Wednesday, April 17, 2013

The Winter of our Days

The Winter of our Days

by Stephen Martin, MFT.


I know, I know.

·      “Growing old is not for sissies.”

·      “I have no energy.”

·      “My entire body aches.”


Yes, we have all heard the disconcerting comments about aging. And of course they are one side of the aging process. What is there to look forward to in the winter of our days?


The lessons we have learned are not truly formed until we reach the season of winter. First comes spring, a new birth. Then comes summer, the young adult phase. This is followed by autumn, the adult preparation time necessary for us to face the winter of our days.


Without spring, summer and autumn, winter would have no meaning. Winter can only be understood within the context of four seasons. It is the winter that it all begins to make sense and we begin to learn to finally live with ourselves.


Self-acceptance begins to sprout, and we feel more joy and love for others than we have ever felt before. It is not until the winter that we realize that every day really counts because there are fewer of them before we reach the end. The capacity to living in the “now” is one of life’s major lessons, and without that capacity, we will never truly with at peace with ourselves. For it is living in the present moment that allows everything to be sharper and clearer. We learn how to focus and truly enjoy “now” rather than multitasking and ending up doing nothing while going around in circles.


Winter is also a time for solitude and self-reflection — not so much solitude that we become fearful of other people, but enough that the time to think is completely available. It is during winter that the conclusions to all our stories finally arrive and the plot of our lives finally makes sense.


In winter, we as humans are less hostile. They say it is testosterone in the male that creates war. With age, testosterone decreases in the male. Maybe with aging we finally wake up to the utter stupidity of war, and the destructive competition where others are hurt just so we can feel like champions. Older people are nicer people. They are not looking for a fight.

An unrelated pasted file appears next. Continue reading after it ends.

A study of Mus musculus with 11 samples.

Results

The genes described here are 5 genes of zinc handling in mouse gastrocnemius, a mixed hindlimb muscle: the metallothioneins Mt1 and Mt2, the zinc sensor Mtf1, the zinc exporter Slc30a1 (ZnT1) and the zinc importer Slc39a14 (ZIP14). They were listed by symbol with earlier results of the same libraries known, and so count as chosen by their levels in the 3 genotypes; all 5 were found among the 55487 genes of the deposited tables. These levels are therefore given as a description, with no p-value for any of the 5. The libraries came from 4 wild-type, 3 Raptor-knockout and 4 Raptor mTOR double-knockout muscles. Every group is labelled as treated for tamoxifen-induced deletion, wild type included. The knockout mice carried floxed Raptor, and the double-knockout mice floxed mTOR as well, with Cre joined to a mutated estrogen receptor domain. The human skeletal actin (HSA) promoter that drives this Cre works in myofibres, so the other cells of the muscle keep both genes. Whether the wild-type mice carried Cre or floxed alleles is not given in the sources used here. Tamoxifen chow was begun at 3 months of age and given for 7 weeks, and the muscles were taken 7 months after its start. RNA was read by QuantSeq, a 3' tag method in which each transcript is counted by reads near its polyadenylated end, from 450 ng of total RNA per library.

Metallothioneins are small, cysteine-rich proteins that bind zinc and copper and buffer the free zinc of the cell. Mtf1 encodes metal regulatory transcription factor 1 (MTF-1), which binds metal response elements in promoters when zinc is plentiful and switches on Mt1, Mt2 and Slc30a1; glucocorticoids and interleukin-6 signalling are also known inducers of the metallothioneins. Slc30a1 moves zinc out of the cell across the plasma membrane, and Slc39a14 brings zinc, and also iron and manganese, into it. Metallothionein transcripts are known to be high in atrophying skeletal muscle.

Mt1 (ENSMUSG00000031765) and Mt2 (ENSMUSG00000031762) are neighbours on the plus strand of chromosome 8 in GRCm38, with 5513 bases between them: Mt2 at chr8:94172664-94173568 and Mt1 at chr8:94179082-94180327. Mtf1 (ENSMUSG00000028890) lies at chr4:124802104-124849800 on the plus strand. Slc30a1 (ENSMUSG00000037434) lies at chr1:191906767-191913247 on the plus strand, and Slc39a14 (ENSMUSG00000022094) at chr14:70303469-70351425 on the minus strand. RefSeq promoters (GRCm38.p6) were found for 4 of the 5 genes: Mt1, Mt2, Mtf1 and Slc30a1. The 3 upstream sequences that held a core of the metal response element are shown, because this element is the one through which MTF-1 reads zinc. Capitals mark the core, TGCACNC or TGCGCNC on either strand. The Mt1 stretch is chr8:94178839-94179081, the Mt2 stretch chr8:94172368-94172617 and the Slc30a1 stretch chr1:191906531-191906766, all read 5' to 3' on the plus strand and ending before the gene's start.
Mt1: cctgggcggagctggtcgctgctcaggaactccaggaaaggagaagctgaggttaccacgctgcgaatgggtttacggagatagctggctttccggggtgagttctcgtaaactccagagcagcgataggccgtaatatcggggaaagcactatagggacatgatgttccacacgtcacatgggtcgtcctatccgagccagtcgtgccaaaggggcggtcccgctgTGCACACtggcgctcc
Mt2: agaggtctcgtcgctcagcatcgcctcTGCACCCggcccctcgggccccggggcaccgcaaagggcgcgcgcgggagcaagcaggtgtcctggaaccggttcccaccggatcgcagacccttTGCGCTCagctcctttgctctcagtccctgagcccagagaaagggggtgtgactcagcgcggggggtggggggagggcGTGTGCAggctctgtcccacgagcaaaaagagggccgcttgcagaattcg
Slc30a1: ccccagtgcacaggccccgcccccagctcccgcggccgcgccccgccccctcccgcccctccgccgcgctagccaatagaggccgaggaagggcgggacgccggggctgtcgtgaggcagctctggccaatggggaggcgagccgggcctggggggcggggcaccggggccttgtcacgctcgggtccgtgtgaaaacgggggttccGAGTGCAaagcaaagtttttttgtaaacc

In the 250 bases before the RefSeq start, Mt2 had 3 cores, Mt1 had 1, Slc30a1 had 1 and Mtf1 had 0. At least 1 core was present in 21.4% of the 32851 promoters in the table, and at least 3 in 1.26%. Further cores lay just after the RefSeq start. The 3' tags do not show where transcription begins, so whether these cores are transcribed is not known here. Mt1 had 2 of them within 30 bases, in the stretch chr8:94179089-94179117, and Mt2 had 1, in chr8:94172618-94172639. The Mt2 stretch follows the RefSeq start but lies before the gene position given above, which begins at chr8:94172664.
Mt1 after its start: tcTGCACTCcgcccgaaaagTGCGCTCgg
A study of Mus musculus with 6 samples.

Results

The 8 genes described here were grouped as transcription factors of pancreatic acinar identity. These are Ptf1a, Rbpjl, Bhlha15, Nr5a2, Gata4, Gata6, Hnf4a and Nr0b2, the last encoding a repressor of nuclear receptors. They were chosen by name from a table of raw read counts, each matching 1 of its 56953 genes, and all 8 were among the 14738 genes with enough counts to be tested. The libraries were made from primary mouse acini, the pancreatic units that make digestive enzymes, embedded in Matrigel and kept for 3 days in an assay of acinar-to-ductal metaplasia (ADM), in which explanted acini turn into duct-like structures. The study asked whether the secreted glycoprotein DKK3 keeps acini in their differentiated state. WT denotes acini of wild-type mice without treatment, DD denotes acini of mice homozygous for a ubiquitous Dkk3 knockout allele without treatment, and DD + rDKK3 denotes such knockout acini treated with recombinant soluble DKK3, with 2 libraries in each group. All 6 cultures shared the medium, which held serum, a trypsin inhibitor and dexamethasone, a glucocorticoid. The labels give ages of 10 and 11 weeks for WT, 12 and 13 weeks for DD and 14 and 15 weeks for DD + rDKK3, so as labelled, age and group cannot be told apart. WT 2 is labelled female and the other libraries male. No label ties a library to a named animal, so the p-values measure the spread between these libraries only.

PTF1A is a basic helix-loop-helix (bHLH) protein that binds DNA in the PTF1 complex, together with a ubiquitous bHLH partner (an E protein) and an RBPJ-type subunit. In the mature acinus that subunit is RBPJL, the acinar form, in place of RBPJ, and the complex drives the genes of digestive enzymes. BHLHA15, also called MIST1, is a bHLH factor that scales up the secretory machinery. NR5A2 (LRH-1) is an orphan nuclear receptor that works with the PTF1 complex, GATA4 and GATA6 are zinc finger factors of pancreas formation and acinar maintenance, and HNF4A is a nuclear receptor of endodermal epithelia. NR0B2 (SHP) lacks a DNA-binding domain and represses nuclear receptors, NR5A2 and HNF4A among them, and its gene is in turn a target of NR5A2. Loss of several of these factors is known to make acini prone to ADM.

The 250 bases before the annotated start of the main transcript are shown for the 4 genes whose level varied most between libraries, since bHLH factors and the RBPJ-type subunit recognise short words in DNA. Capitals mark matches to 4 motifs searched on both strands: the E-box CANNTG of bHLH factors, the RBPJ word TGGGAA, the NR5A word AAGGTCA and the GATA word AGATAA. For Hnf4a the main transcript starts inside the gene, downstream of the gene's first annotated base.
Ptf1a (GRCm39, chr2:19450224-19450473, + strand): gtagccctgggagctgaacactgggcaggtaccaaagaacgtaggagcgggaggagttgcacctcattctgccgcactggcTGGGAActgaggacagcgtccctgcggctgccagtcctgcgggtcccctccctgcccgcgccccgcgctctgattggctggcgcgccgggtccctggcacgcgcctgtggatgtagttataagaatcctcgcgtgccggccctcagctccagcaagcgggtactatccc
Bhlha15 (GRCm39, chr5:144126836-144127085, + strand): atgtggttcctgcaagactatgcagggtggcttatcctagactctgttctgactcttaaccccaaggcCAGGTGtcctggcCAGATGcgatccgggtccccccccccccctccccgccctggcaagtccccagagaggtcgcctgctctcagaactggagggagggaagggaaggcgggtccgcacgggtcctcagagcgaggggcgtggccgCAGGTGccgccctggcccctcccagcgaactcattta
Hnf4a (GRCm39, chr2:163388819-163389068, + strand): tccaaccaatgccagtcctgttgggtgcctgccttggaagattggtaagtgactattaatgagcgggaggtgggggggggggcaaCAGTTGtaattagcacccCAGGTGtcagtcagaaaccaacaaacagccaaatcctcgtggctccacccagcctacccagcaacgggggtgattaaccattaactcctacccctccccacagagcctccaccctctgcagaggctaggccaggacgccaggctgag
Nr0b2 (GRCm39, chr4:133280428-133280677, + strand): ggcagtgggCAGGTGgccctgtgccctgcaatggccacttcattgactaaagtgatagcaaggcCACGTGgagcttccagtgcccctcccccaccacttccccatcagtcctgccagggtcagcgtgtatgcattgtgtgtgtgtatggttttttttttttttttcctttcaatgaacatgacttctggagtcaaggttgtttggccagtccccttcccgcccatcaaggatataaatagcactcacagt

The best part of the winter of our lives is spending time with our friends and family. Most people give and receive such love and support in their families and circle of friends. In winter, many of us find grand parenting. Being a grandparent is said to be one of life’s greatest joys.


In winter the concept of love is completed. Love is the fascination of poets, writers and singers. I have felt love for others and I have felt it from others. I assume everyone else has had the same experience. We cannot physically see this thing we call love, but we can feel it. It can motivate us to action. It can cause us great pain. Love is the ultimate glue that holds a group of people together, while war and fear are what drive us apart.


As we age, we generally yearn for peace. Gone are the days of outrage. Gone are the days of war. Old soldiers fade away and furious males become gentler.


It is in the winter of our days that it all finally comes together, it all begins to make sense, and we finally face the wall where our consciousness and our bodies are separated.